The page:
Published: Thursday, July 30 2015 9:01 a.m. MDT

Utah Jazz power forward Marvin Williams (2) dunks  vs. the Boston Celtics. Marvin Williams, a player that has started most of Utah's games this season, has not started the last two. (Tom Smart, Deseret News) Utah Jazz power forward Marvin Williams (2) dunks vs. the Boston Celtics. Marvin Williams, a player that has started most of Utah's games this season, has not started the last two. (Tom Smart, Deseret News)

CHICAGO — Marvin Williams doesn't view his move out of the starting lineup as a demotion.

"I'm not a guy with an ego. I'm not an NFL quarterback," Williams said. "Whatever Coach feels like he needs to do. That's been my M.O. from Day 1. I've been criticized for that, but that's fine with me. I'll play to win, so if this helps us win, that's fine."

Mr. Positive isn't about to grumble about it to Jazz coach Tyrone Corbin, either.

That's just not his style.

So when Corbin informed Williams earlier this week he was considering making a lineup switch and then formalized it Wednesday, he received zero resistance from the guy who's been Utah's starting small forward in 51 of the 54 games he's played.

"I told him I was fine with him doing it. He's never going to hear any complaints out of me," Williams said. "Whatever can help this team win. We're on a fine line right now in that eighth spot. We're trying to make the playoffs, so if this will help us make them playoffs, I'm all for it."

Though he's gone 0 for 11 in his last three games and has only hit double figures in scoring six times in 2013, Williams insists he isn't in a slump.

"I don't feel like I'm struggling," the eighth-year veteran said.

If given shooting opportunities, an 0-for-4 game could turn into a 5-for-10 night, he pointed out.

"You've just got to do your job. I've been on the bench before. I've been a starter before," he said. "Whenever you get in there, you've just got to make the most of your minutes and that's what I've got to try to do when I get out there."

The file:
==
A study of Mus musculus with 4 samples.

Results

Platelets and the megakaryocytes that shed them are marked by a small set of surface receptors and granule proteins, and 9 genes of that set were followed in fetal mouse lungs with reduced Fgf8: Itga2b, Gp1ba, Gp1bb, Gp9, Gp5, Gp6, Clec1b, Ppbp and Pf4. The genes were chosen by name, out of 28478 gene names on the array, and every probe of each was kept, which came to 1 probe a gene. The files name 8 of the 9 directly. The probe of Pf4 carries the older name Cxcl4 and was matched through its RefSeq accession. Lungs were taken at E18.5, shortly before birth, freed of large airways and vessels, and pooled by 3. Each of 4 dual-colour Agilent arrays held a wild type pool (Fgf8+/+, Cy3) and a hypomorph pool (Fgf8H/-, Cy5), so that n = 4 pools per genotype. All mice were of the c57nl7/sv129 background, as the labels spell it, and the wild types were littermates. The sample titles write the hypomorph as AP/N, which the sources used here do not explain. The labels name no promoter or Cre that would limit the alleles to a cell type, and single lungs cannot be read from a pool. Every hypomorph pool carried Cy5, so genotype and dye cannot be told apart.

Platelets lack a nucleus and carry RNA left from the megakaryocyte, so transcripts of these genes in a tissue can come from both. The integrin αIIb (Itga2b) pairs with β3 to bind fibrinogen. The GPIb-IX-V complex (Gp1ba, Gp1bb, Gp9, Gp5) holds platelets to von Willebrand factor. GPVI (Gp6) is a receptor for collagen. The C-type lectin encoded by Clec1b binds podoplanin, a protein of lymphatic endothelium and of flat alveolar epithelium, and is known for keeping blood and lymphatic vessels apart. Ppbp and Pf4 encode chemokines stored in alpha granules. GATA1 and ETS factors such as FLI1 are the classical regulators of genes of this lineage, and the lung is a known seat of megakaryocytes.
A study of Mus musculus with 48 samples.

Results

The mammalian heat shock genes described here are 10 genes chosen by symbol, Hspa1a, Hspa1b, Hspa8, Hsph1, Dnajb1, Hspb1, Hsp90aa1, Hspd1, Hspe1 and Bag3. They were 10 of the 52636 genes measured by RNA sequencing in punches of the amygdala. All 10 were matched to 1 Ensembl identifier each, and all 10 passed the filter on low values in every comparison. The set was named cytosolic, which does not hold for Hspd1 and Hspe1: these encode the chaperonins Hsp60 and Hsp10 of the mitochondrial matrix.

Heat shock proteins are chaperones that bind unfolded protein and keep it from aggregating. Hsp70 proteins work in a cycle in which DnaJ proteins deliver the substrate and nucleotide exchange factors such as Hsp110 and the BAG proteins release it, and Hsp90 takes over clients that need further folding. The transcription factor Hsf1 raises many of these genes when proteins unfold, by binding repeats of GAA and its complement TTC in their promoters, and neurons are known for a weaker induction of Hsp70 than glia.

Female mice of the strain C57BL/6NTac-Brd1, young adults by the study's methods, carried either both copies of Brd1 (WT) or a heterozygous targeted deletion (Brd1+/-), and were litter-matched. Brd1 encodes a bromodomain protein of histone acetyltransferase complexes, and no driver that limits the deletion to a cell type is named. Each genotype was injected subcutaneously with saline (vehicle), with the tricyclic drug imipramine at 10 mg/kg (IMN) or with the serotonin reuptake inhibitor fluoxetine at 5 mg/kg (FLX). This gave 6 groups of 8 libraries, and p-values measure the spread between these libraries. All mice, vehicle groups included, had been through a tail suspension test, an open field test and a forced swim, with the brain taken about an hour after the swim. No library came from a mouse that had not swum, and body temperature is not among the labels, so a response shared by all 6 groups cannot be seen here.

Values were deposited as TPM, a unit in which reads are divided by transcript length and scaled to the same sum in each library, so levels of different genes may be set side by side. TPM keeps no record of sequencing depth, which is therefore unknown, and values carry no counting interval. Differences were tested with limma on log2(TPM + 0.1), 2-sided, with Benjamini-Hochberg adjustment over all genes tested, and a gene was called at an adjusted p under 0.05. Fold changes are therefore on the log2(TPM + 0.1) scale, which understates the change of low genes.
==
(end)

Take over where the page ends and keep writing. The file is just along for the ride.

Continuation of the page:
Williams voiced his support for his replacement, DeMarre Carroll.

"DeMarre's been doing a great job for us all year," he said. "And I'm sure he'll continue to as soon as he gets comfortable out there with that first five."

Williams said he expects he'll do even better the next time Corbin puts him in as backup power forward, which was his role during Wednesday's 104-101 loss at Cleveland.

That opportunity, however, will be limited with the return of center Al Jefferson after a three-game absence. Big-man minutes will be gobbled up by Big Al, Paul Millsap, Derrick Favors and Enes Kanter as long as they all stay healthy.

QUICK ASSESSMENT: For the most part, Corbin liked what he saw in Mo Williams' return Wednesday after the starting point guard had missed the previous 32 games with a thumb injury.

The Jazz coach reiterated that there will be an adjustment period, but even on a couple of occasions when things didn’t turn out in Utah's favor, Corbin was positive about plays Williams made. That included an errant transition pass to Carroll on the first play and then the burst of speed Williams showed during his infamous layup miss with five seconds remaining.

"To get where he got from to the basket so quickly, although he missed the layup, it's kind of what we missed," Corbin said. "We've got some things to work on, but I like what we saw."

Williams said his thumb responded well to his first live NBA action in 2 1/2 months.

PATIENTLY WAITING: The Jazz continue to take a better-to-wait-than-rush approach to bringing players back from injuries.

Case in point: Jefferson.

Big Al sprained his ankle while stepping on Favors' foot a week ago Wednesday, and he ended up missing three games due to the injury.

Jefferson wanted to get back into the swing of things in Utah's game at Cleveland on Wednesday, but the training staff held him back one extra game.

Jefferson is listed as a game-time decision but said he's "pretty confident" he'll play tonight at Chicago. It killed him to be out so long, but he agrees that it was for his best.

"I think I felt like I could've played (Wednesday) night, but your mind might have been telling you one thing and your body another thing," Jefferson said. "It was smart to do it the way I just did, get a good practice in (Thursday) and see how I'm going to feel (today)."